The Common Framework and the Hebrew Language Teaching:
Academic Teaching of Hebrew - Theoretical Approach and Practical Applications
Jerusalem, 12–16 July 2020 / 20–24 Tammuz 5780
Workshop Director: Dr. Tania Notarius (The Hebrew University of Jerusalem; Polis - the Jerusalem Institute of Languages and Philology)
The International Center for University Teaching of Jewish Civilization is pleased to announce that it is now accepting applications for this year’s session of the Continuing Workshop on University Teaching of Hebrew Language. The workshop will take place in Jerusalem on 12–16 July 2020 / 20–24 Tammuz 5780 and will focus on the Common Framework as applied to Hebrew Language Teaching.
The International Center's workshops on University Teaching of Hebrew are designed to meet the interests of instructors of Hebrew as a second language in colleges and universities and to provide theoretical knowledge and practical tools relevant for their teaching. The workshop includes meetings with scholars, lectures, practicums, and discussions.
The field of foreign language teaching is changing worldwide. On one hand, communicative and goal-oriented methods are gaining wider acknowledgement. On the other hand, there is a need for objective tools for level hierarchy, placement, assessment, as well as mutual recognition. These changes affect the work of the Division of Hebrew Language Instruction at the HU. The expert team in the Division has been working at formulating the description of a common reference framework that will assess six broad levels of ability in terms of the goal-oriented method, in the spirit of the approach suggested by the Common European Framework of Reference (CEFR). The framework is action-oriented and promotes reception, production, interaction, and mediation abilities for spoken and written communication. Likewise, the Hebrew University of Jerusalem has launched the Language Centre, which applies CEFR in the teaching of several foreign languages in the Faculty of Humanities, working in close cooperation with instructors of the Division of Hebrew Language Instruction.
The ambition of applying the Common Reference Framework to Hebrew teaching is not without challengers. The Ulpan method, which has always employed communicative methods and has proved itself over decades, faces new demands of up-to-date Hebrew teaching that will address diverse audiences in the changing multicultural world with its ever-developing communicative needs. While the common reference framework is language-neutral, learning goals and methods in class are language-specific, and the long-established heritage of Hebrew teaching shall not be discarded. Traditionally, many students of Hebrew have had background in Classical Hebrew and have gone on to Hebrew philology in academic settings. At the same time, new textbooks are necessary that will address distinct groups of learners and provide them with strategies for communication, proficient operation at different levels, and language tools for specific situations. The methods of Hebrew teacher training are also a subject of on-going change. The adoption of CEFR by the Division of Hebrew Language at the Hebrew University may well have a global impact on the field of teaching Hebrew as a foreign language. Is this choice justified? Will it be adoptable at the universities abroad? Might not alternative methods, such as the American Council on the Teaching of Foreign Languages (ACTFL) framework, be more effective?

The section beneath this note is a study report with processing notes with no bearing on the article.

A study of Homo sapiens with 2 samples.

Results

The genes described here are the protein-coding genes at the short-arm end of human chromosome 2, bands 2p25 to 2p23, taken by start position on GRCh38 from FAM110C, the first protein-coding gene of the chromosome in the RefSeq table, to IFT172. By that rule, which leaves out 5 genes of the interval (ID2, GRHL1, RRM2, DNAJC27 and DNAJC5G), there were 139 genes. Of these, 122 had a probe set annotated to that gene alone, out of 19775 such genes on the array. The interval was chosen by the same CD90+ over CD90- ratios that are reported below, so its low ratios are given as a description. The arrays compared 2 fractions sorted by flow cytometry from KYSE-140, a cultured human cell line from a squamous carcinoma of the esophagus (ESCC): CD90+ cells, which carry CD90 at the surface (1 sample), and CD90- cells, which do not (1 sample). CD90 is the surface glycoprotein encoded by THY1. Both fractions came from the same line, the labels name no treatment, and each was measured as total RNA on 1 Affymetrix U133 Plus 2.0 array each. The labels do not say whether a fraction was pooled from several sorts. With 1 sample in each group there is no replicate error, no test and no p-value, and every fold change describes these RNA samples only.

We invite you to take part in the process of strategic thinking and planning the direction of the development of our field in the near future. The workshop program will include presentations by prominent specialists involved in the “CEFR for Hebrew” development in Israel, as well as round tables and open discussion of second language acquisition research, the common reference level scale, goal-oriented and action-oriented programs, the problems of mutual recognition of certificates, student placement, teaching objectives, and learning strategies and outcomes. Candidates who have concrete experience with the methods and practices of CEFR, as well as with alternative global frameworks (like ACTFL), are particularly encouraged to apply and, optionally, to present the fruits of their labor.
In order to maximize the advantage of the workshop and to prepare a program suitable to the professional interests of participants, we kindly request that you fill out the following questionnaire: https://cutt.ly/NrqdSMA
The workshop is conducted in cooperation with the Division of Hebrew Language Instruction at the Rothberg International School for Overseas Students. Workshop participants will have an opportunity to observe classes conducted by Division teachers and to hold joint discussions on concrete issues related to Hebrew teaching. The workshop program will include a visit to the Academy of the Hebrew Language, also a co-organizer of the workshop, where there will be lectures and presentations by Academy staff.